By Angela Giuffrida
As the GCC steers towards becoming a major production centre for steel, Angela Giuffrida reports on the issues that might hold it back.
Fluctuating prices, supply shortages and extended delivery times are just some of the challenges facing the steel industry in the Middle East.
While the regional construction explosion is keeping steel companies on their toes, rising global demand is placing immense pressure on stock.
Last year, worldwide demand for steel grew by around 7%, according to figures from the Organisation for Economic Cooperation and Development (OECD).
This was mainly offset by a burgeoning economy in China, which apart from being one of the world's largest consumers of steel, is also a prominent producer having amassed 339 million tonnes in 2006.
An upsurge in steel manufacturing was also seen in the European Union, the CIS countries (led by Russia), and in north and South America last year.
Meanwhile, the demand for steel in the Middle East continues to flourish - in the GCC alone, steel demand stood at 15 million tonnes in 2006, of which 14.3 million tonnes were imported.
This figure is expected to reach around 19.7 million tonnes in 2008, mainly because of a surge in industrial and infrastructure projects.
Although the OECD predicts slightly slower growth in demand and production for 2007, this hasn't stopped major consumers of steel looking into nurturing their own steel production centres to mitigate price fluctuations and overcome supply shortages.
The GCC has outlined plans to boost steel production capacity to 11 million tonnes a year over the next three years, requiring an investment of around US $5 billion, according to a report by the Gulf Organisation for Industrial Consulting (GOIC).
There are currently 45 steel factories in the GCC, with 22 of these being in Saudi Arabia, while a further 15 are planned.
Despite the GCC only contributing 1% towards the global production of steel, the region is expected to become a prominent manufacturing base over the coming years, says the GOIC.
The region currently relies heavily on imports due to minimal steel production - domestic demand is believed to outweigh supply by two to one, with firms needing three million tonnes of steel a year.
Apart from the ongoing and planned real estate projects across the region, further demand will also come as a result of the massive infrastructure projects in the pipeline, while global competition for demand and production is expected to be fuelled even more by industry consolidation, as highlighted by Arcelor/Mittal last year and the envisaged Tata/Corus deal.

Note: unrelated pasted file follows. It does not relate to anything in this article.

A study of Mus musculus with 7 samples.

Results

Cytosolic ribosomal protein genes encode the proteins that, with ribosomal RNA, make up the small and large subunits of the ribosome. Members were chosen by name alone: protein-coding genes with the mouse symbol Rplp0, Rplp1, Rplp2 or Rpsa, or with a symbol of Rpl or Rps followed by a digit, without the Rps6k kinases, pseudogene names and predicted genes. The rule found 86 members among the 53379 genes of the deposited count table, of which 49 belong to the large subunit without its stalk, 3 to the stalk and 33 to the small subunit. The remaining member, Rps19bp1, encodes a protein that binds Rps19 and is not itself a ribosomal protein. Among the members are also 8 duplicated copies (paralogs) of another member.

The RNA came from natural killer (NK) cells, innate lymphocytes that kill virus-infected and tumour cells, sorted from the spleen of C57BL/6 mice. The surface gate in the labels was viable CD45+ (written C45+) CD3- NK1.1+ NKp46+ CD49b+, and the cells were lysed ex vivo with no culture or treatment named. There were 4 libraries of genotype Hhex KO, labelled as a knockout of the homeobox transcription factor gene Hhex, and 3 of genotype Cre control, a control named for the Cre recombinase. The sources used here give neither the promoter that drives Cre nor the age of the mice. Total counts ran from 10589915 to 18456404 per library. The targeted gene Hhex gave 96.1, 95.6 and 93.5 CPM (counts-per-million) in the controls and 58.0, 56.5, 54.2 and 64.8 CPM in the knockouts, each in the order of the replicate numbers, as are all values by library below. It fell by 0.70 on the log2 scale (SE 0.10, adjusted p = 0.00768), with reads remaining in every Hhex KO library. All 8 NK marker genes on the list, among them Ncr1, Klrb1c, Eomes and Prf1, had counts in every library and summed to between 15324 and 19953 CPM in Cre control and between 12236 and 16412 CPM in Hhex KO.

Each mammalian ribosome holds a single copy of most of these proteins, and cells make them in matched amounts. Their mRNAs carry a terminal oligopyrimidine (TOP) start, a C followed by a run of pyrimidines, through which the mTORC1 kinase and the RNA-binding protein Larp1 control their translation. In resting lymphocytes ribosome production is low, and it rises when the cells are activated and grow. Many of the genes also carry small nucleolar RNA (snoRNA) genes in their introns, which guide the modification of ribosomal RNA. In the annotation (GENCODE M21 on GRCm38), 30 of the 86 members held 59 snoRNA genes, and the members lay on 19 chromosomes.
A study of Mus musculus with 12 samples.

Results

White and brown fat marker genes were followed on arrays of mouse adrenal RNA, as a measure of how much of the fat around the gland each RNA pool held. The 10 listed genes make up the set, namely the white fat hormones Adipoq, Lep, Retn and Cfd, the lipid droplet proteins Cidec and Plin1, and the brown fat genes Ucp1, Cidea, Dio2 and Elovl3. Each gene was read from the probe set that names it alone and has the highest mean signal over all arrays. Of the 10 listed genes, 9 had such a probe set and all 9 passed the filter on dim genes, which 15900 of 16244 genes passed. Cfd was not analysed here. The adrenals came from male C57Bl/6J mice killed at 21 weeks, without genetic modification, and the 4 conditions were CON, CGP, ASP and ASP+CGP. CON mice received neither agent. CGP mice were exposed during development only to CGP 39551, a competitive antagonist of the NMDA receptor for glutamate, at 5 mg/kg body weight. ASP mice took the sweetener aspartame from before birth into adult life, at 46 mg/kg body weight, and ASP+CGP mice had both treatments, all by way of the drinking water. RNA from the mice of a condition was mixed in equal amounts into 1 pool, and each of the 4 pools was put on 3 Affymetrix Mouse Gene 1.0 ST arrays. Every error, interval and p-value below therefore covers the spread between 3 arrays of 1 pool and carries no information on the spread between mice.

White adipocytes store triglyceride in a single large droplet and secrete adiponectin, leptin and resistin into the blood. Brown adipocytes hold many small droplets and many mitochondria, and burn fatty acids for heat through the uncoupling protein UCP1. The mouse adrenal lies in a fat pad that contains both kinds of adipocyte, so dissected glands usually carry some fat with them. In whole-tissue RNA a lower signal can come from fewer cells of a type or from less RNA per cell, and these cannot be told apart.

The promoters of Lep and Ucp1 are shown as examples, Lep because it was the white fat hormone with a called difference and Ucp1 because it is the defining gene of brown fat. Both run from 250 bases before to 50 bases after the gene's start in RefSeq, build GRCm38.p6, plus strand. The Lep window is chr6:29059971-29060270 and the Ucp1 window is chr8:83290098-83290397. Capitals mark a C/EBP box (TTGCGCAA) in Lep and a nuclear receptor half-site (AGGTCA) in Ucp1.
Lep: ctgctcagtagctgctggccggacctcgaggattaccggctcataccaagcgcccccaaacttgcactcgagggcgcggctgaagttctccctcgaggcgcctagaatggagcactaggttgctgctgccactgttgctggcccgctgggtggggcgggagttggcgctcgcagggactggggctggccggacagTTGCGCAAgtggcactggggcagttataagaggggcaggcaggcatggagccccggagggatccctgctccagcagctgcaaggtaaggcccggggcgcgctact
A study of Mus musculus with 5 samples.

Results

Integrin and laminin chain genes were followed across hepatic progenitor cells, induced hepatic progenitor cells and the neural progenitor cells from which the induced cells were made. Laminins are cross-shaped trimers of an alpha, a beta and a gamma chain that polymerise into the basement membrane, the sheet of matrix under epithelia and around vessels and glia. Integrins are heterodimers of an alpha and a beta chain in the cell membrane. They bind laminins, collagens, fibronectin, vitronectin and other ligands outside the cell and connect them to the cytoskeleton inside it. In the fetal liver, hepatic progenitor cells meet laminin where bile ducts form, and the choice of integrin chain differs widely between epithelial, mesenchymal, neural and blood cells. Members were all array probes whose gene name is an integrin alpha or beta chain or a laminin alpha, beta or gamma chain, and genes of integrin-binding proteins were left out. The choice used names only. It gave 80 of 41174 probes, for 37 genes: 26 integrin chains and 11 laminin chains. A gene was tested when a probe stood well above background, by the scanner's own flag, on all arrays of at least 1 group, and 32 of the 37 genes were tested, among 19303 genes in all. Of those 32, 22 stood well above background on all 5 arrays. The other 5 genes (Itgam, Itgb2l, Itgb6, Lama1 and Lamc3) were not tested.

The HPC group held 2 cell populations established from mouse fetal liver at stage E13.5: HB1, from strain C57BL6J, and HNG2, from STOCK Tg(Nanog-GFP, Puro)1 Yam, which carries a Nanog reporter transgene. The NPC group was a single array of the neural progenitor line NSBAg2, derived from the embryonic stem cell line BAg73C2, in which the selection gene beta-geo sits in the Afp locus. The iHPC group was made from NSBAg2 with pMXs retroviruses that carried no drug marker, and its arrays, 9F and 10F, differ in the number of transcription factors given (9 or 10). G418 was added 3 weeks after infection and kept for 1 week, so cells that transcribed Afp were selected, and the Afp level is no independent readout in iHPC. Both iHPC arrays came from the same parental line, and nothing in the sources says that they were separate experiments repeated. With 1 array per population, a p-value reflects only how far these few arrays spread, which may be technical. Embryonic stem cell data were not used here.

But industry experts are divided on whether or not the GCC will be successful in the long term in becoming a major centre for the production of steel.
One of the challenges will be finding staff to operate the factories, and retaining them over a long period of time.
"Apart from the costs involved in bringing a labour force to the region, such as housing (them), transporting (them) and making sure you retain them, not many labourers want to come and work here anymore, especially when their homes markets such as India are booming," says Arvind Sharma, managing director, Kwik Steel Structures, FZCO.
One way of overcoming the labour issue is to emphasise steel manufacturing more in the local education process, says Raman Madhok, chief executive officer, Al Ghurair Iron and Steel.
"You have to remember that people here, and for a long period of time, were mainly traders," he said.
"Businesses were mainly family-run, and children used to be trained into them naturally. But the current local curriculum, whether in schools or in higher educational institutions, is not producing people who understand the industry or know how to make steel, so you have to import labour.
"At the moment you can import staff from places like India, Europe, the Phillipines and Bangladesh, but the steel industry is growing in these areas too, and if the same money can be earned at home, then workers will stay there.
"People already based in the region need to be trained to run the plants continuously over a period of time, and if you don't start now, what will you do in ten years' time?"
Although the region is more than capable of producing and selling its own steel, it has to be done in the correct fashion, says Madhok.
One way of achieving this is by the steel industries in GCC member states working more closely together.
"Although locally-produced steel is already quite strong, there needs to be more emphasis on sharing data, looking at best practice as well as having some kind of representation for the industry, like a steel institute.
"So far, the only real way people can integrate and share information is through conferences."